Authors Meet Critics

Let Them Eat Tweets

An "Authors Meet Critics" panel on "Let them Eat Tweets: How the Right Rules in an Age of Extreme Inequality," by Paul Pierson and Jacob Hacker

Recorded on October 13, 2020, this online panel focused on the book, Let them Eat Tweets: How the Right Rules in an Age of Extreme Inequality, co-authored by Paul Pierson, the John Gross Endowed Chair and Professor of Political Science at UC Berkeley, and Jacob Hacker, Stanley B. Resor Professor and Director of the Institution for Social and Policy Studies at Yale University. This book explores how the modern Republican Party has come to be defined by “plutocratic pluralism,” which combines an elite-benefiting economic agenda with populist appeals.

Theda Skocpol, the Victor S. Thomas Professor of Government and Sociology at Harvard University, and Christopher Parker, Stuart A. Scheingold Professor of Social Justice and Political Science in the Department of Political Science at the University of Washington, responded as “critics” of the book. Both Skocpol and Parker have authored books on topics directly relevant to today’s GOP — including the Tea Party. “I think these are the authors of the two best books on the Tea Party, which I think is critical for understanding how we got to where we are,” Pierson said.

Moderated by Irene Bloemraad, Class of 1951 Professor of Sociology at UC Berkeley, the lively dialogue began with an introductory overview by the two authors. Pierson explained that the book was a response to the fact that the “dramatic shift in the distribution of economic resources in the United States was not being sufficiently considered in in the discussion of where Donald Trump comes from and how he came to occupy the position in American politics that he did.” Pierson pointed out that wealth inequality is far greater in the United States than in Europe. “There is a tendency to lump what’s happening in the United States together with the explosion of right-wing populism that you see in various countries in Western Europe — and of course, there are important similarities — but this suggests that there are also very dramatic differences.”

Let Them Eat Tweets illustrates how the rise in inequality in the U.S. poses challenges for democratic politics. “As inequality grows, there’s likely to be more of a divergence of preferences and interest between the wealthy and everyone else — so the things that are going to benefit ordinary citizens in the economic sphere are not going to be beneficial to those economic elites,” Pierson explained. “Economic elites are likely to become more suspicious of democracy, and they’re going to work harder to make sure that voters are not going to use their numbers to overcome and possibly redistribute the economic resources that are increasingly concentrated at the top.”

In his comments, Hacker stressed the vital role that organizations have played in shaping the modern Republican Party, as groups like the NRA and various Christian Right organizations have become entwined with the party’s platform. “This is another respect in which the American landscape is distinctive,” Hacker said. “We have this ecosystem of right wing media that is willing and capable of deploying highly racialized, anti-government themes in a way that turns out to be mobilizing for a core group of voters.”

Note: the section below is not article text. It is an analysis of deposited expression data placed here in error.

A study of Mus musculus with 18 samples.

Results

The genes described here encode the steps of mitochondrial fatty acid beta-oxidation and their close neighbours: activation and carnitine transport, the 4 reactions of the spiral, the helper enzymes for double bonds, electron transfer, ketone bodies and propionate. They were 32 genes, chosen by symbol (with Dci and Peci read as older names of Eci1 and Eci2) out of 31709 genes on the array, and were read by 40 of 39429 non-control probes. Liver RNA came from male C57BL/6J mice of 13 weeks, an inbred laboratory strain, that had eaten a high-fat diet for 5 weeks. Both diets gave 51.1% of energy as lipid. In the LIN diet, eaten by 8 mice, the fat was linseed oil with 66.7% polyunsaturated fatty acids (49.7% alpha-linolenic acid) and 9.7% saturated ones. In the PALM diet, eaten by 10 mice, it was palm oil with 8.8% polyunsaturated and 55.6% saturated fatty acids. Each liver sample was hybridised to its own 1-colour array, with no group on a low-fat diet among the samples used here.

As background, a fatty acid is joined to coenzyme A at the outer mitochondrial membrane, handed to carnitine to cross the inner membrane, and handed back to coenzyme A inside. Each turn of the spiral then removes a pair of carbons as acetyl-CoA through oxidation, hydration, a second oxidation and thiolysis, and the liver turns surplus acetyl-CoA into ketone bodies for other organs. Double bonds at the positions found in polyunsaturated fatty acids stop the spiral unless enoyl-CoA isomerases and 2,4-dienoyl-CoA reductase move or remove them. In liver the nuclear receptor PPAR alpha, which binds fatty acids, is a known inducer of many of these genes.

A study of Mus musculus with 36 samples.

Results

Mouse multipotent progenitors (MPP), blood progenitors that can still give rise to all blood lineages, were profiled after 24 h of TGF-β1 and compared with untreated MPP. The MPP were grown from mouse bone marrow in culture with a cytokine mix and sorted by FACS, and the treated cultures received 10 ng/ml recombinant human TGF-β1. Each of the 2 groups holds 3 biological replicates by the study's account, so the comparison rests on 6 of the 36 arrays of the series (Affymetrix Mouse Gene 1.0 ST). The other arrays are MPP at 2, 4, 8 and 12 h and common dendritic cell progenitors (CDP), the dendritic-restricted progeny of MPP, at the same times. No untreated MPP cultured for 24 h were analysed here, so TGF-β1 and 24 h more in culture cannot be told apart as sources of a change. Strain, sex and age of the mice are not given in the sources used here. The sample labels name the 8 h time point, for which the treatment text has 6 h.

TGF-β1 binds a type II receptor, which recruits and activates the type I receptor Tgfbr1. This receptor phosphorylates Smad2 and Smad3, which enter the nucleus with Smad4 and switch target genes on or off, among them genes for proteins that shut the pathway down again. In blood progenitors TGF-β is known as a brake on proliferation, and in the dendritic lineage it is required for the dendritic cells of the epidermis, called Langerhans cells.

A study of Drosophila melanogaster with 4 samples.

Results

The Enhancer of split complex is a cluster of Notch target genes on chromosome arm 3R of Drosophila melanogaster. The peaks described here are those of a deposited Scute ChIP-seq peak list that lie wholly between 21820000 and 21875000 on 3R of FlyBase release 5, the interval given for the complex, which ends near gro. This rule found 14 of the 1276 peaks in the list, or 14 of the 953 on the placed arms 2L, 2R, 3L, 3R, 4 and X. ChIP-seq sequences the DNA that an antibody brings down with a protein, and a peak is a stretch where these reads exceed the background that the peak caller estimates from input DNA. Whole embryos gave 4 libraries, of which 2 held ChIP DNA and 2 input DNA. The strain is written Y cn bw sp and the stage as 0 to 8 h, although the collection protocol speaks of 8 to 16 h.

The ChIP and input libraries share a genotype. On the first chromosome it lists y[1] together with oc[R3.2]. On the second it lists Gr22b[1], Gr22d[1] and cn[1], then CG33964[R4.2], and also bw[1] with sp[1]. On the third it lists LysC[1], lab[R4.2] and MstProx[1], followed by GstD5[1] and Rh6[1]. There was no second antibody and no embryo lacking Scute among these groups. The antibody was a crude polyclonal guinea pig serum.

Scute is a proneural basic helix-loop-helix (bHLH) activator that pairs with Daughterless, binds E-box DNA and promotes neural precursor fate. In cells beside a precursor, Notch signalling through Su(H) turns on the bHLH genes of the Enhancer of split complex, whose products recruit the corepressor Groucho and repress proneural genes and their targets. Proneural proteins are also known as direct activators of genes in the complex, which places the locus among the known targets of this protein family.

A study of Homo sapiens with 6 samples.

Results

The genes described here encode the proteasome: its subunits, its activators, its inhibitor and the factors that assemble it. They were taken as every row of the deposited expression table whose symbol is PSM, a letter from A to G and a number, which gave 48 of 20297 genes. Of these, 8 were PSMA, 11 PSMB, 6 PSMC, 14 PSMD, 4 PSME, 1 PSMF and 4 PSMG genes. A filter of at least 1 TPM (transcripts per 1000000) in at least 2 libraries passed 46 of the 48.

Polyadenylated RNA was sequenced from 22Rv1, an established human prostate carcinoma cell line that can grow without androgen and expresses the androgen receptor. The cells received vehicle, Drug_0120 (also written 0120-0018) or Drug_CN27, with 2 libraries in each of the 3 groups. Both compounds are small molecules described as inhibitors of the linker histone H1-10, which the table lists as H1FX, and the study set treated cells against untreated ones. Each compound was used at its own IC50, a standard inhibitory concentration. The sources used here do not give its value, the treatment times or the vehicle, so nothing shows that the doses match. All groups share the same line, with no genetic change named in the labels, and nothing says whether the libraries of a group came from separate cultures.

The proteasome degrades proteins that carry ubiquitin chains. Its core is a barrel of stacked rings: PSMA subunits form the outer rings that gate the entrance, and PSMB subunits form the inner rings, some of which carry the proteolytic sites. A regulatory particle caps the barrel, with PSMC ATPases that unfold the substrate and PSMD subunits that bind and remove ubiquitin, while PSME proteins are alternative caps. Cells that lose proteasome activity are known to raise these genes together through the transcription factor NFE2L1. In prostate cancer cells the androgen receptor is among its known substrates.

In her response, Skocpol largely praised the authors for showing how the GOP has evolved since the 1980s by “using all the levers available in the U.S. constitutional and federal system to further narrow majoritarian governing agendas.” However, she noted that the book would have benefited from a more clearly articulated causal argument. “I’d like to have seen a lot more precision about the various organizational networks that are in play in and around the Republican Party,” she said, adding that she would have also liked to see an analysis of the Democratic Party’s own role in allowing the rise of the modern GOP.

In his comments, Christopher Parker posed a series of questions to the authors, including what they think is different about the role of race today compared to earlier eras. “In the early part of the 20th century, during the Gilded Era, we saw massive amounts of inequality,” Parker said. “But we didn’t see any sort of racial conflict at the behest of other plutocrats…. If your theory is correct, we should have seen plutocrats try to stoke racial division, but we didn’t.”

The ninety-minute panel covered a wide range of topics, including similarities and differences between the U.S. and Europe, as well as the dynamic relationships between political economy and demographics. In his closing remarks, Hacker encouraged the audience to read the book and assess it for themselves. “I want to encourage people to read the book and decide whether I’m right that this book helps us understand 2016 to 2020,” Hacker said. “I think the argument is correct that, unless we address the extreme inequality that we have, some of the same particular strains that we’re talking about are going to keep recurring and threaten our democracy.”

Watch the full video of the event above or on YouTube.